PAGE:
If you have a traditional view of field sales, you might think that a salesperson’s primary job is to build relationships. The theory goes like this: Whenever there's a problem, the customer's designated outside salesperson swoops in with a heroic solution, thus earning even more business from the grateful customer who is now loyal for life.
This view is outdated. Today's supply chains are much more reliable, reducing the need for these acts of heroism. Reliability today is merely table stakes for keeping customers. If you want to be a hero, provide flawless service — not drama.
2. Frequent visits
The traditional view of field sales also holds that just by being around, ready to write up an order at any time, salespeople are providing value. I hate to break it to you, but your order-readiness and box of donuts don’t make up for the frequently unwelcome interruption of recurring sales calls. These calls just disrupt your customers' busy schedules and usually don’t provide any real value.
Don't get me wrong. Being available is a good thing. But there's a difference between being available and being a nuisance. Instead of making regular in-person visits that are expensive for you and have no real purpose, reduce visit frequency and provide customers with what they need to contact you when they truly need you. When they do reach out, get back to them as quickly as possible.
If the role of salespeople isn't to sell themselves or be available, their job must be to sell products, right? Wrong again.
Unless you have exclusive access to a product that is substantially different from other products on the market, your products are not strategic differentiators. If you want to sell customers more products, don't focus on what lines or new offerings you want to sell. Instead, find out what problems they have and determine whether or not your existing products could help them solve them. If products aren't part of the solution, they shouldn't be part of your sales pitch.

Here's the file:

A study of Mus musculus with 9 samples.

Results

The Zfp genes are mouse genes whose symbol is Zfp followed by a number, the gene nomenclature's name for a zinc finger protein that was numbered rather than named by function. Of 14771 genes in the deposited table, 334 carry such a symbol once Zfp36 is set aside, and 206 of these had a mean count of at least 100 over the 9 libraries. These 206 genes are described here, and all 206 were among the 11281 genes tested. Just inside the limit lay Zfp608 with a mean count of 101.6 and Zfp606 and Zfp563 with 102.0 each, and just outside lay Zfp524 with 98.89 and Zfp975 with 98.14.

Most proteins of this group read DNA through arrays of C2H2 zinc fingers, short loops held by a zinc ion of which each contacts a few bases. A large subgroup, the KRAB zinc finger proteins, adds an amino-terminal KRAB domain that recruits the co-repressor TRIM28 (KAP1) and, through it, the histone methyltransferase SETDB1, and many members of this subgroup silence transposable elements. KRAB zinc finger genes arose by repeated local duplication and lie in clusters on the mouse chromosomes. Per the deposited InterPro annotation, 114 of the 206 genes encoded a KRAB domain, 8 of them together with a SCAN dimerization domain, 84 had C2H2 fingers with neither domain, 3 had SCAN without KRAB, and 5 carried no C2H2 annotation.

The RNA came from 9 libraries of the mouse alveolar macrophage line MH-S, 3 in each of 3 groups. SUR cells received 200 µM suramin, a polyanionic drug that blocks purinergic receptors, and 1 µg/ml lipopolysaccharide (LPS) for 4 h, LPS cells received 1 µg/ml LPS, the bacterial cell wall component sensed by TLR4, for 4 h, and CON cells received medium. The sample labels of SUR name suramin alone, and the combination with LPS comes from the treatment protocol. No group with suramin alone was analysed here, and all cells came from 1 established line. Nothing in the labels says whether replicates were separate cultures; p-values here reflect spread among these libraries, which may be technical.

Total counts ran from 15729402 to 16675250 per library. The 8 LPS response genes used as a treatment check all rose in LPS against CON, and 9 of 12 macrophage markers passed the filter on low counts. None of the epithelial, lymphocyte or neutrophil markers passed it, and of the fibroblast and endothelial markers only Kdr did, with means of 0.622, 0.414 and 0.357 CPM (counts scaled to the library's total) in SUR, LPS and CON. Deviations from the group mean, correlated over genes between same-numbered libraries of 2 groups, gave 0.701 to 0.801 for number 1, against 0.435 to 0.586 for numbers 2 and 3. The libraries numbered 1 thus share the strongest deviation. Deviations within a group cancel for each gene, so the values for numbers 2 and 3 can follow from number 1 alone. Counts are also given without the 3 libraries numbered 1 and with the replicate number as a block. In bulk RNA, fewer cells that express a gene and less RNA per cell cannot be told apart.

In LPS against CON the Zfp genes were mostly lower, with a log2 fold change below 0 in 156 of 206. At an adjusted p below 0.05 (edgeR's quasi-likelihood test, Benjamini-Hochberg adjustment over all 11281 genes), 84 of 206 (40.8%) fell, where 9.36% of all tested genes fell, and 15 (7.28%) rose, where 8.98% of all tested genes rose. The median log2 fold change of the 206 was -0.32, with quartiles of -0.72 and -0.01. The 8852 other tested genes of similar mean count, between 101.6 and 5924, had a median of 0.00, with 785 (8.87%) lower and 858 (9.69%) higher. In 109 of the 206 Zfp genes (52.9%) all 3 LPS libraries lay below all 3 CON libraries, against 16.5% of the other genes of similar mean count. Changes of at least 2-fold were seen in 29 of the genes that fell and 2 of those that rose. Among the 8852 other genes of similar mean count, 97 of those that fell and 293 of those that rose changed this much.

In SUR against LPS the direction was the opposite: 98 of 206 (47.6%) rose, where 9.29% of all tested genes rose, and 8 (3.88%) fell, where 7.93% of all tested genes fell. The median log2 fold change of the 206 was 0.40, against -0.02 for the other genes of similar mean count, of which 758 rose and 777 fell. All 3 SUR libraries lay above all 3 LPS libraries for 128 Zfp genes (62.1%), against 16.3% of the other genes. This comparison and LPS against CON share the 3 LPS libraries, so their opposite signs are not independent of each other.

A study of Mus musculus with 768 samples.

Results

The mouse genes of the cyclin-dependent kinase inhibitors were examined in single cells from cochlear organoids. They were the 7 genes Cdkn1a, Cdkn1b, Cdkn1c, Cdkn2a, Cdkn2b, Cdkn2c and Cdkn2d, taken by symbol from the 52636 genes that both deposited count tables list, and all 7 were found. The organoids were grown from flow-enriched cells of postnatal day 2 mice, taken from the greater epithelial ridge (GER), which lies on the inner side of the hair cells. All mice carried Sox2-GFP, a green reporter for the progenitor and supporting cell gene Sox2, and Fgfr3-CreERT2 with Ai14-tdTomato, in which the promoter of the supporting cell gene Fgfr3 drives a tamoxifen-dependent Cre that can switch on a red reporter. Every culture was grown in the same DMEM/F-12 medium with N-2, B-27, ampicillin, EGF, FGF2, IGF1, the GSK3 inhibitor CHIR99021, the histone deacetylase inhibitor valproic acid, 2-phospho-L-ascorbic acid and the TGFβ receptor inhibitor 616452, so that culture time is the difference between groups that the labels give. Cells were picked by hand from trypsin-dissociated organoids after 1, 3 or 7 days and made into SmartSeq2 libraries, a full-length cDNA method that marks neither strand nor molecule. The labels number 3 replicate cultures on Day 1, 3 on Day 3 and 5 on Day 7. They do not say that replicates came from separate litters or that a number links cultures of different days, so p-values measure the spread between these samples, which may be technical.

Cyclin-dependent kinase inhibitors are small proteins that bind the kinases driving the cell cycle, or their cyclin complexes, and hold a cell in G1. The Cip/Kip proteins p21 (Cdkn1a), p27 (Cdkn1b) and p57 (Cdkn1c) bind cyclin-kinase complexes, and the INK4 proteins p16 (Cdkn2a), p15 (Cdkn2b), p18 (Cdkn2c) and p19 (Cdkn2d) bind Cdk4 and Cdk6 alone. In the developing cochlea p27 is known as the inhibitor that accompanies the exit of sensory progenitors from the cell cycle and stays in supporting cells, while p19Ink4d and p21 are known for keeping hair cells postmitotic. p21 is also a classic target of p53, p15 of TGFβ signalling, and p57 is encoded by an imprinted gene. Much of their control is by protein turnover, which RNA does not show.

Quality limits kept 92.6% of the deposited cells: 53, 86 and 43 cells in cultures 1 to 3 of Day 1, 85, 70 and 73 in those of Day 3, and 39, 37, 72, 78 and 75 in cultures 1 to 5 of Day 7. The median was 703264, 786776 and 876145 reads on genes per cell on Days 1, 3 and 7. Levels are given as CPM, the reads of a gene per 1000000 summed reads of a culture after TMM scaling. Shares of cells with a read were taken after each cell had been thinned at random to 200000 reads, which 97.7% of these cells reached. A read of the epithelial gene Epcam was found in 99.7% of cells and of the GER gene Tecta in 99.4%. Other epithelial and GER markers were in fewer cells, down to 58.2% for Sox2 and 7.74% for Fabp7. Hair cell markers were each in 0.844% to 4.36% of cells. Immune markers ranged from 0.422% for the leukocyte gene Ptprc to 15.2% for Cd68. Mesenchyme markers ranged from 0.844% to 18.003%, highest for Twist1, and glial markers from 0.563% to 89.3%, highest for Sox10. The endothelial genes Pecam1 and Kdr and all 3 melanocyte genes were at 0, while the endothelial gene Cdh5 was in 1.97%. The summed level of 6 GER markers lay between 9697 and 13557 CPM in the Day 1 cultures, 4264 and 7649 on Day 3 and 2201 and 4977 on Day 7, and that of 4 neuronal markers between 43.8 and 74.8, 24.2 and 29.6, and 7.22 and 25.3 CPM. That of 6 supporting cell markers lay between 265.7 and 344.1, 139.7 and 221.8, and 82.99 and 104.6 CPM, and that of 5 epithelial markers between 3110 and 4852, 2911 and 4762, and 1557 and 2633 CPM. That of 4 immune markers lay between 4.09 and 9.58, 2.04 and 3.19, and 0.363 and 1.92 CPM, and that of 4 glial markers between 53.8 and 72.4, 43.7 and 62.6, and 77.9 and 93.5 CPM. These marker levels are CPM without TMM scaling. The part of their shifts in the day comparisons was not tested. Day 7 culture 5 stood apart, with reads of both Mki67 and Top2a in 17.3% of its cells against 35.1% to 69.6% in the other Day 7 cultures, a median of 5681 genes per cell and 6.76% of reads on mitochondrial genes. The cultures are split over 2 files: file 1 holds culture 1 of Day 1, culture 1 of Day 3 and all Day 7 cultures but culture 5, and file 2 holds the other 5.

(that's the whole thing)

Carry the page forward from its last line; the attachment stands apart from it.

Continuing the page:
4. Price-driven promotions
"Load up and buy now" programs and back-end rebates help the distributor by allowing them to sell products more quickly, but how do these programs add value for the customer? Bulk-buying programs lower customer inventory turns and increase carrying costs while tying up money that could be invested elsewhere. Back-end rebates are equally useless, doing little more for customers than holding back their margins.
At the end of the day, you can only offer so many product discounts and still be profitable. So, you must come up with other ways to create value, ideally by leveraging your greater resources and knowledge to provide customers with a service that is cheaper or better than they could do on their own.
5. Bling, trash and trinkets, entertainment, etc.
Customers may value things like dinners out or sports outings on a personal level, but these things alone aren't enough to secure their loyalty if their relationship with you isn't helping them to grow. A golf trip may be fun, but it won't result in higher product sales.
Instead of providing this sort of meaningless fluff, find a way to provide true value. The value you create will depend on your customers' unique problems and your own strengths and capabilities.
- If your customers need space to stage projects, for example, consider lending out some of your own space for their use.
- If your customer regularly encounters an unnecessary expense, find a way to eliminate it, and document those cost savings.
- If your customers struggle with marketing, hire an in-house marketing consultant and share that resource with your best customers to help them grow.
- If your customers occasionally need access to rental equipment, buy that equipment once and lend it out to multiple customers.
When you've created a compelling value proposition, have salespeople share that information during sales visits. Help your customers grow their businesses, and they'll buy more from you regardless of their personal relationship with your rep or the other meaningless discounts, promotions and spiffs you might provide.
Mike Marks is managing partner of Indian River Consulting Group and specializes in helping distributors and manufacturers accurately diagnose problems and identify risk-bound alternatives, so they can take their next steps confidently. Contact him at firstname.lastname@example.org or 321-956-8617, or visit ircg.com.